Using a food thermometer is not just a good practice; it's crucial for preventing foodborne illnesses.
Serving safe and delicious food.
Achieving the perfect balance between food safety and exceptional taste can be challenging. Alas, one simple tool can make a world of difference in your kitchen: a food thermometer.
We’ll discuss why a food thermometer is more than just a kitchen gadget and why every home cook should have one. We'll also debunk some myths about visual cues and help you understand how to use a thermometer to create safe and delicious meals.
Why use a food thermometer?
A food thermometer is your best friend when it comes to ensuring the safety and perfection of your favorite dishes. Most importantly, it's a must-have to prevent foodborne illnesses and ensure your dishes are cooked to perfection.
How can we balance safety and doneness?
“Cooking to perfection” often involves a vague standard of “doneness.”
The term "doneness" in cooking refers to the sensory aspects of food, such as the texture, color, appearance, and juiciness of a dish. “Doneness” is a matter of personal preference that varies between individuals.
Food safety depends on maintaining food handling and preparation standards to reduce the risk of illness caused by microorganisms. Proper cooking and food temperatures are an important part of food safety.
A food thermometer can help you cook your favorite dishes to your personal preference and simultaneously ensure the safety of the food you prepare.
Why are minimum internal temperatures essential?
All food products contain various microorganisms. Food poisoning is caused by eating foods that are contaminated with illness-causing microorganisms.
It is easy to assume if something looks done, it ought to be safe. However, the appearance of food can often be misleading.
Contaminated food will usually look, smell, and taste normal. Food poisoning bacteria can grow and multiply on some types of food more easily than others.
Additionally, certain foods have a higher risk of causing food poisoning, and some people are more susceptible to food poisoning than others.
Fortunately, many of the illness-causing micro-organisms can be destroyed or controlled by keeping food at safe temperatures.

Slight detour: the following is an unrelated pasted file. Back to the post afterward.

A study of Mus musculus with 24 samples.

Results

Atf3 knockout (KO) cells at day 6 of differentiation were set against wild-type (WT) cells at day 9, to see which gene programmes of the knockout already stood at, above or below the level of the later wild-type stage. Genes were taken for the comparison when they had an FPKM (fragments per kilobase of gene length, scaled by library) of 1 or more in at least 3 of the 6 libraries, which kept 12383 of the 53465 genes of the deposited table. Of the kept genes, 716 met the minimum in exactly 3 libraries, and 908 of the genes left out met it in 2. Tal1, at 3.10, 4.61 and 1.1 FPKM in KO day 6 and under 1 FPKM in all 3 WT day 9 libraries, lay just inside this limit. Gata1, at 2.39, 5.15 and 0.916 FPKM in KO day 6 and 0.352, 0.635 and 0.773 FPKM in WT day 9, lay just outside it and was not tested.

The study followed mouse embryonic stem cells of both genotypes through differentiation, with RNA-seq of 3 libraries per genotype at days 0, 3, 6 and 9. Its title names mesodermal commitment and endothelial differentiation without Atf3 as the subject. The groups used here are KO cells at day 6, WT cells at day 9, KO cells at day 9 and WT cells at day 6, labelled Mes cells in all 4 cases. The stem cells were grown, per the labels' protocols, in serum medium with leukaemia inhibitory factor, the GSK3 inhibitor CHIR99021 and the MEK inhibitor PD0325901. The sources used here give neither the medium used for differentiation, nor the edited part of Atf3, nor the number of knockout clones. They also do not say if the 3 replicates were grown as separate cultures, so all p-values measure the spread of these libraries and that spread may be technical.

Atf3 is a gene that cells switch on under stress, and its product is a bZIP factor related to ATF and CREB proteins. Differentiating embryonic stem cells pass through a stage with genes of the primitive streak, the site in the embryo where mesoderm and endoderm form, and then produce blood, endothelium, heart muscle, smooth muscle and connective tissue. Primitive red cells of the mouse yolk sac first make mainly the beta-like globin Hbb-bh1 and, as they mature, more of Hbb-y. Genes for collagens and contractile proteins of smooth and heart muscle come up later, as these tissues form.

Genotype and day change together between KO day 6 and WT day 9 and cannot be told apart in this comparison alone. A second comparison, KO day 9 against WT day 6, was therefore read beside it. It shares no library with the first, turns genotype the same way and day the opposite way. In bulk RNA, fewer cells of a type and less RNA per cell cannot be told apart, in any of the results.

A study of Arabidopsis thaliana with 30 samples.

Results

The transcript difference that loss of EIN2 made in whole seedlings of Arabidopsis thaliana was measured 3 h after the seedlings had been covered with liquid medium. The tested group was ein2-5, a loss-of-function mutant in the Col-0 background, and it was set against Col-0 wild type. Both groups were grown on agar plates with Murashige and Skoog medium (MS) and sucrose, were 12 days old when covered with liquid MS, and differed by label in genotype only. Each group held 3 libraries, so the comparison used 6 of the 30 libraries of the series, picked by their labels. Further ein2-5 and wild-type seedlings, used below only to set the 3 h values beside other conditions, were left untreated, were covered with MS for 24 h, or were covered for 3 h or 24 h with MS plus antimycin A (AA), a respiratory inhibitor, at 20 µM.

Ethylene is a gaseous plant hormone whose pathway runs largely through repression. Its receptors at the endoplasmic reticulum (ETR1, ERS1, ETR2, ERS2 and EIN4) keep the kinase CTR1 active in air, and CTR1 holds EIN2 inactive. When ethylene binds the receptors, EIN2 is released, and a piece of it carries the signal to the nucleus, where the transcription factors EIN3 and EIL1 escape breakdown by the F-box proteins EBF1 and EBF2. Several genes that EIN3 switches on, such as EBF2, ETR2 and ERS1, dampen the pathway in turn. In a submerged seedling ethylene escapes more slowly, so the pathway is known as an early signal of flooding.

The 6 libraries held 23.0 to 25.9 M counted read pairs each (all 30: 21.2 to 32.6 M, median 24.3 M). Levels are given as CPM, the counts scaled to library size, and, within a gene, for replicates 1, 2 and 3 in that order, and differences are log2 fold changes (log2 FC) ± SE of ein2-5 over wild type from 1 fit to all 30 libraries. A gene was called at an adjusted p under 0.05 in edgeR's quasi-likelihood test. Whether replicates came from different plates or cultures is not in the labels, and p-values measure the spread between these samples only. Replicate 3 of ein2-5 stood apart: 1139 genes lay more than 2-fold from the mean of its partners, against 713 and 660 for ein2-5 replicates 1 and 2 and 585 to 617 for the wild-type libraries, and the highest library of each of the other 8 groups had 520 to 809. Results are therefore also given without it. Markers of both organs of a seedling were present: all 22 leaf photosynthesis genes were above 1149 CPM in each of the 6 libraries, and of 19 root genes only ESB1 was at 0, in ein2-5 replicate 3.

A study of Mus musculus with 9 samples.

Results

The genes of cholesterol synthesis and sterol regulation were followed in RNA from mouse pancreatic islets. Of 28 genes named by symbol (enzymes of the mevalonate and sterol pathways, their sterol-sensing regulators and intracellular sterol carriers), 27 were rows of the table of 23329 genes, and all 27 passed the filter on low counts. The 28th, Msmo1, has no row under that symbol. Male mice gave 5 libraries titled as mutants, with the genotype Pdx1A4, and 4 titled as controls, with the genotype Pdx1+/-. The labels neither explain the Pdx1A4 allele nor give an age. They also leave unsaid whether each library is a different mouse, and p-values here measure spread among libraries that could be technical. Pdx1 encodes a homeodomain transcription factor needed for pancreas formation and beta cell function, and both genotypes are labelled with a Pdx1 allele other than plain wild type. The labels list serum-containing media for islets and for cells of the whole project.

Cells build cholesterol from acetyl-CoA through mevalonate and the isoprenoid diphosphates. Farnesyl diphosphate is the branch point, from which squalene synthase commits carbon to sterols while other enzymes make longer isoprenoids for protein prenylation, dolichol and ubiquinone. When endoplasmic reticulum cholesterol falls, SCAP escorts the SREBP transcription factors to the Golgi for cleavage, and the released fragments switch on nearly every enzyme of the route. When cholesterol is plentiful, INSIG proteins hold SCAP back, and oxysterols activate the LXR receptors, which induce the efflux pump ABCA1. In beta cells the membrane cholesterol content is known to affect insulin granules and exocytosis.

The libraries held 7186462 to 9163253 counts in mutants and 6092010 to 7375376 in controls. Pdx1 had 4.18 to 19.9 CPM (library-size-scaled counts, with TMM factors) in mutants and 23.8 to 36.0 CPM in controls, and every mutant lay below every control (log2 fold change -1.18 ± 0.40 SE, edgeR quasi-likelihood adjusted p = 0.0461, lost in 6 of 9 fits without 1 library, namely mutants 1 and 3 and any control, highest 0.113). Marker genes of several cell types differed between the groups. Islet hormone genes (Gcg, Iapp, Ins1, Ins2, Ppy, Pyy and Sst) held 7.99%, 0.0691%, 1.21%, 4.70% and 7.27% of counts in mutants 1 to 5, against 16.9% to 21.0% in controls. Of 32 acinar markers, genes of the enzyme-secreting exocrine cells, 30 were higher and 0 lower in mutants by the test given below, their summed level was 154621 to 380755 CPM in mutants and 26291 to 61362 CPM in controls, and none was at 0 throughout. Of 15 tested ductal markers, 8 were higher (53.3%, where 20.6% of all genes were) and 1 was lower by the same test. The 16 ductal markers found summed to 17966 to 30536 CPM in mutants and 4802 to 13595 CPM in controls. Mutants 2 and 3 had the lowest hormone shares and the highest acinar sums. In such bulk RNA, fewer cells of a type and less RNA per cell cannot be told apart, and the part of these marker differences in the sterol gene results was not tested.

Food thermometers are the only accurate method to determine if food has reached a hot or cold temperature where these organisms have been destroyed or can no longer grow.
What are the different types of food thermometers?
Food thermometers come in a variety of forms, including digital, dial, and other types.
When selecting a food thermometer, make sure the thermometer is:
- Appropriate for your chosen purpose
- Able to accurately measure the temperatures you will need to track
- Safe and approved for the environment and food product that you will be monitoring.
The descriptions and advantages of various food thermometers are available here.
Calibrating a Thermometer
While many thermometers can be calibrated with an adjustment nut, others cannot be adjusted. In this case, it's crucial to test their accuracy periodically and, if necessary, replace them.
Checking the accuracy of your food thermometer is easy. You can use the ice water or boiling water methods. Detailed instructions on using these methods to calibrate your food thermometer are available here.
How do you use a food thermometer?
To make the most of your food thermometer, it's crucial to place it in the right location within the food. Most thermometers are accurate within 2-4°F. However, correctly determining the temperature of your food depends on properly locating the thermometer in the center of your food product.
Raw beef, pork, lamb, and veal steaks, chops, and roasts should be cooked to a minimum internal temperature of 145°F, while poultry requires a minimum of 165°F. Details concerning the placement of your food thermometer to check the temperature of these foods are available here.
A list of FDA-recommended safe internal temperatures for various types of food can be found here.
Taking care of your food thermometer is essential. Most thermometers should not be immersed in water. Wash them carefully by hand to maintain their accuracy.
Be cautious with thermometers that have plastic components, as they can melt when exposed to high heat or hot liquids. Store thermometer probes with the probe in the stem sheath for safety.
Is it done yet?
The Moultrie County Health Department encourages using food thermometers to help ensure the safety and quality of the foods you prepare and share.
The next time you wonder, "Is it done yet?" reach for your food thermometer so you can serve any dish you cook with confidence.